Vestas: Turning Climate into Capital with Big Data
Vestas: Turning Climate into Capital with Big Data
Vestas: Turning Climate into Capital with Big Data
Vestas: Turning Climate into Capital with Big Data
Vestas Wind Systems is the largest manufacturer, seller, installer, and servicer of wind turbines in the world, with more than 17,000 employees globally.
IBM InfoSphere BigInsights software running on an IBM System x iDataPlex system serves as the core infrastructure to help Vestas manage and analyze weather and location data in ways that were not previously possible. IBM InfoSphere BigInsights helps Vestas gain access to knowledge in an efficient and fast way and enables Vestas to use this knowledge to turn climate into capital.

Software Components
- IBM InfoSphere BigInsights software
- IBM System x iDataPlex system
- Apache Hadoop software
Weather data including 178 parameters such as temperature, barometric pressure, humidity, precipitation, wind direction and wind velocity from the ground level up to 300 feet, future prediction data including global deforestation metrics, satellite images, historical metrics, geospatial data and data on phases of the moon and tides
Emerging (technology has been on the market for >2 years)
Data Processing Efficiency - Processing huge volumes of climate data and the ability to gain insight from that data enables Vestas to forecast optimal turbine placement in 15 minutes instead of three weeks.
System Flexibility - Ongoing application development and improvements are relatively quick and inexpensive to implement due to the system's flexibility.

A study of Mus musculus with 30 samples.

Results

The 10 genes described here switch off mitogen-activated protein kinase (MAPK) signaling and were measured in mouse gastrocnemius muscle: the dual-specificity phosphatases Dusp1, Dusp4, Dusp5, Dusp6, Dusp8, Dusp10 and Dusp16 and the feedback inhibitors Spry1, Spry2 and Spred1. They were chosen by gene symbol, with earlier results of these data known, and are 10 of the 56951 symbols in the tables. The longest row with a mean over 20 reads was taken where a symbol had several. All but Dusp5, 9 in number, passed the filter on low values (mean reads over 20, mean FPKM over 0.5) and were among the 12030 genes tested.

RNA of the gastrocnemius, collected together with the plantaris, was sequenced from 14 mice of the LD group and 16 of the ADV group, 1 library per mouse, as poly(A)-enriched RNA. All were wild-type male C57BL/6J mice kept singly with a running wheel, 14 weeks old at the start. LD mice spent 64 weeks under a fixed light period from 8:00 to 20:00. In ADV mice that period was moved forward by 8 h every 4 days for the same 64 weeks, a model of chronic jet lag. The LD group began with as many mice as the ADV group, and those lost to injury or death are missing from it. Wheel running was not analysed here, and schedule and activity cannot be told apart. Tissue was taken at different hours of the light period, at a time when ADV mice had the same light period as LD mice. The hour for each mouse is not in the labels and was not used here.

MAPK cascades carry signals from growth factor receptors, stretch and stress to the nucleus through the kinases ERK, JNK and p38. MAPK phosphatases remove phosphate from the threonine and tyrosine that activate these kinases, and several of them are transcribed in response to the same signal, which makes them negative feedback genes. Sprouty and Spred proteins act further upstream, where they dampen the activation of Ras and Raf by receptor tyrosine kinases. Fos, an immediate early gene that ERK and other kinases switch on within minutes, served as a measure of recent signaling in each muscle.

Research Efficiency - Response time for wind forecasting information was reduced by approximately 97% which helped cut development time.
Vestas reduces the base resolution of its wind data grids from a 27x27 kilometer area down to a 3x3 kilometer area, a nearly 90% reduction.
The IBM System x iDataPlex supercomputer enables the company to use 40% less energy while increasing computational power.
Implementing a big data solution enables Vestas to create a wind library to hold 18 to 24 petabytes of weather and turbine data and reduce the geographic grid area by 90% to increased accuracy.
The IoT ONE Radar indicates the mix of hardware, software and services used in an IoT solution.
Processors provide the intelligence behind IoT systems and are often integrated into system-on-a-chip designs.
Products used by end users that contain IoT technologies. Examples include enabled equipment, wearables, hand-held scanners, and tracking devices.
Horizontal applications are standardized (e.g., asset tracking). Vertical applications are tailored to specific needs (e.g., delivery fleet management).
Middleware integrates the diverse components of an IoT application by structuring communication, workflows, and business rules.
IoT analytics includes real-time or edge computing and batch analysis. Analytics can be behavioral, descriptive, predictive, or prescriptive.
Data management solutions capture, index and store data in traditional database, cloud platforms, and fog systems for future use.
IoT data management consultancies help to make sense of big data, decide which data to maintain and for how long, and troubleshoot IT issues.